16 Jan 2022 - Thorsten
Psychedelic Metal | Gilead Media | Release date: 14 Jan 2022 | Favorite song: Pareidolia
”And sometimes I question is this truth / even / worth / knowing”. I think I have hardly heard a sentence with more weight in the last few months. ALN, the mastermind behind Mizmor delivers another one of those records which walk perfectly on that razor-sharp edge between instant appeal and intricately-detailed songwriting.
Funnily he calls this record an EP, numerically he’s right, it’s just two songs. Running-time-wise he’s wrong, because 29 minutes is not an EP, but usually an album. Always referring to Bad Religion’s Suffer as a correlation – that album has much more songs but is shorter by nearly three minutes. Maybe we should just call this music? And how great the music on Wit’s End is! ALN proves once more that he knows how to re-invent himself and yet, stay true to the course he embarked on with this project.
This record goes a few steps beyond the blackened, doomy extreme metal that Mizmor is known for (maybe that’s why he calls it an EP): the first track is as close to folk and country as the second one is to psychedelic post-rock. If you need comparisons – the opening title track is a mix of Townes Van Zandt and Neurosis while the second one is centered between Radiohead and Sigur Ros. The opening ”Wit’s End” features a really raspy, guitar pickings that are either played on a slide-guitar or with a bottleneck. Over these slowly reverberating guitar motifs some words are spoken, among them the sentence from the beginning of this review. ALN is talking about how how difficult it is to really know and understand things thoroughly and how some people try to embrace truth like he once embraced religion and belief. Within the track his problematic relationship with religion and truth is clad into doomy metal, slow-paced drumming, high-reverbed guitar motifs that are meandering and vanishing, igniting and overlapping, stopping and continuing and it is as if we are witnessing a slow stream-of-consciousness with “the thinker” finally arriving at one’s “wit’s end” where he doesn’t know how to go on, where to turn or who to turn to.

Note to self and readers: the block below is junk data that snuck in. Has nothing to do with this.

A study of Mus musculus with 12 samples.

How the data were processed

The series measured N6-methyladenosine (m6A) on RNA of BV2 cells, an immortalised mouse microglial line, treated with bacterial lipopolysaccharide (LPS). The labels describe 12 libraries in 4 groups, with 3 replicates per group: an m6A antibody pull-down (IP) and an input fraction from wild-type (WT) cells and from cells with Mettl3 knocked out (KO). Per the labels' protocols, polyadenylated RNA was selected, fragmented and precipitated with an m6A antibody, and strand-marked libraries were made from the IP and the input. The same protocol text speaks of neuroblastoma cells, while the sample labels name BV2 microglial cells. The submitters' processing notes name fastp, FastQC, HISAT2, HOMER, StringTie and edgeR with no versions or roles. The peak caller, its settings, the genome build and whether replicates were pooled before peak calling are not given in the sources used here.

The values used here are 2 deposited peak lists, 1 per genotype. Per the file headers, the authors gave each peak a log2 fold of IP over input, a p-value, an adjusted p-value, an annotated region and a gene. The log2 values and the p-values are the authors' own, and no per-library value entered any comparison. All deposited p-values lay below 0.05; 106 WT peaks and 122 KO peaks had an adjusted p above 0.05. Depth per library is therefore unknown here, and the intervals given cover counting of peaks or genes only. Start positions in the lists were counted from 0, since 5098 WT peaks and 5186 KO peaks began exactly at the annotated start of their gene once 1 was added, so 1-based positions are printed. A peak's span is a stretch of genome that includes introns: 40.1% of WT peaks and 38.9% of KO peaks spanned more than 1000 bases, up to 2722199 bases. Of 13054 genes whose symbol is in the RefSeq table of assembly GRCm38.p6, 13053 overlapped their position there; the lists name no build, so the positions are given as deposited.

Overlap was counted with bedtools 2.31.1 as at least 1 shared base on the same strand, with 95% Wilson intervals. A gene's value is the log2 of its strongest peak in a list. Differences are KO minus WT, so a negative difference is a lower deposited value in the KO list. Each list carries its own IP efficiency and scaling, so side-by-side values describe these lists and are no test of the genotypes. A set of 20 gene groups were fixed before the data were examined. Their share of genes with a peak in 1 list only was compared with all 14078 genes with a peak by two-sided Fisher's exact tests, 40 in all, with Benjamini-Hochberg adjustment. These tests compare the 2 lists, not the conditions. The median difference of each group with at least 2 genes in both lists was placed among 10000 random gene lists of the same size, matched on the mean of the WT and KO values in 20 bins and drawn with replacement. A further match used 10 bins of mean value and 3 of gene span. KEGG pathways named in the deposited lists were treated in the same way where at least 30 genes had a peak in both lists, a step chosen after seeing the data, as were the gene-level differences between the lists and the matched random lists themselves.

This track is surely a track that one might expect from Mizmor but the second as surely is not, and that makes ”Pareidolia“ (the word means our human tendency to try to impose meaning on something that basically has none, or not the one we place upon it). I guess it’s not too far-fetched to say that this is trying to say that we place too much meaning on shapes, trying to associate them with an example of god’s will, insinuating that we know what that will is. Or, taking this idea a step further, that we place too much meaning on God even though we have no proof of his existence. The track starts with some shape-shifting, spherical ambient passages, that remind this author of Sigur Ros’ ”Intro” to Ágætis byrjun but don’t ask me why, maybe it’s the middle passage of ”Pareidolia“. The track also features some vocals that are a bit like the fantastic performance Thom Yorke delivered on the title track of Kid A. The fact that the new EP is able to evoke those ideas shows that ALN has established himself as an artist that goes beyond “his genre” that is able to incorporate other sounds and structures into his music and still remain Mizmor.
One should hope that he has not arrived at his “wit’s end” because it would be a shame if we didn’t get more music from him. Nevertheless, if it was the last Mizmor-release, one should admit that he keeps and impeccable discography. And that is a truth that is always worth knowing!